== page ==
I would rather go for Design B. This is because you will have 3750 switch dedicated for Servers and you will be using L3 links to connect to the core which will give you better redundancy and load-balancing. Also, you server will get connect to 3750 switches which will provide non-blocking architecture (depending upon the model number used and server connectivity) and no oversubscription of the traffic.
In design A, your server will get connect to 4500 directly which will be oversubscribed connectivity as 4500 line card slots doesnot proivde line rate connectivity to backplane.
If I were you, I would have used design B with L3 links between all the 4500's. I will not even run HSRP, as this will extend my L2 domain to switches acting as core and my core has to process unncessary L2 broadcast traffic, STP traffic etc. I would rather use L3 links and run a routing protocol which would give me quicker convergence in case of a link failure, automatic load-balancing. I would create local vlans on each floor and do the inter-vlan routing locally on each 4500 for the hosts.
I thought about that Amit but then I would not be able to Span Vlans.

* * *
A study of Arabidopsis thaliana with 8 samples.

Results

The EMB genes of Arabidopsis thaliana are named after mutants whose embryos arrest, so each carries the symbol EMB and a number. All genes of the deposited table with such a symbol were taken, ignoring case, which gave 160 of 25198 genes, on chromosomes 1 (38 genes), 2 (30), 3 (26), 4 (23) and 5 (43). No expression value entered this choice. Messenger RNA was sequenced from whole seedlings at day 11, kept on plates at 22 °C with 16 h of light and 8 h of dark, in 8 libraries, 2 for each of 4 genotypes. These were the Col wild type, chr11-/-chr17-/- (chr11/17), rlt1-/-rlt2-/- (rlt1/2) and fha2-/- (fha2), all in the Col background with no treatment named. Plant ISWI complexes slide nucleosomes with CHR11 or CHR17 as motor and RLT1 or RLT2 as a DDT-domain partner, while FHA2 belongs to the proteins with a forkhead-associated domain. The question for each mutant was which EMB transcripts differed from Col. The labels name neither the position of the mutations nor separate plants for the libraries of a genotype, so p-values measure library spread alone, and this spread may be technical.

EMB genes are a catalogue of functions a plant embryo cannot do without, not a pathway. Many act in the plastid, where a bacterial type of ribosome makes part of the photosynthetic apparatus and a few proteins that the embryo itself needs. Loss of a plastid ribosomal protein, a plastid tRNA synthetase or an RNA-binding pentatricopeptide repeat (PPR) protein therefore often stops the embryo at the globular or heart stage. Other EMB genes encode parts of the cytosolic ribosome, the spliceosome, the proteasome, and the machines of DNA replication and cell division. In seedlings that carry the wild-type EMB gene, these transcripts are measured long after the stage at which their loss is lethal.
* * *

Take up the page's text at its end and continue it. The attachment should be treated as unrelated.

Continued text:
If I would use Diagram B and setup Layer 3 vlans on each 4510. Would the 4510's in the middle acting as Vlan gateways for the directly connecting clients cause contention or oversubscription. Since these 2 4510's are also acting as the Core routing packets from all switches?
Also for VoIP, I would have to create multiple voice vlans?
Yes you would not be able to SPAN the vlans across the entire network. But Why would you want to do that. That will carry the unneccsary L2 traffic to the core.
Clients connecting to each 4510R will not face much of the problem in this case as most of the traffic will be routed across the 4500 and Servers. You also have to check the traffic pattern in the network. If your majority of the traffic is from Clients to the servers on the network, then you might see a lots of performance issue in Design A, as the servers will be using the shared backplane switching connections on the 4510 along with the cleint traffic. If majority of the traffic is to the servers its always advisable to have dedicated server farm switches.
Regarding the voice vlan concern, you can have at max 254 ip phones/hosts in a vlan. If you host count is more than 254 on each floor, then you might have to go for multiple vlans anyways. Moreover, this will give you another Layer2 security on voice vlan as the users on one 4510 chassis will not be able to eavsdrop the voice traffic running on another chassis.
I agree, you should use L3 links as much as possible. I don't see a need to ether channel L3 links. The routes would be equal cost load balanced, so you are not gaining bandwidth and each path would be in the route table so you are not gaining any performance on route convergence.
Hi everyone, I would like to thank you in advance for any help you can provide a newcomer like myself!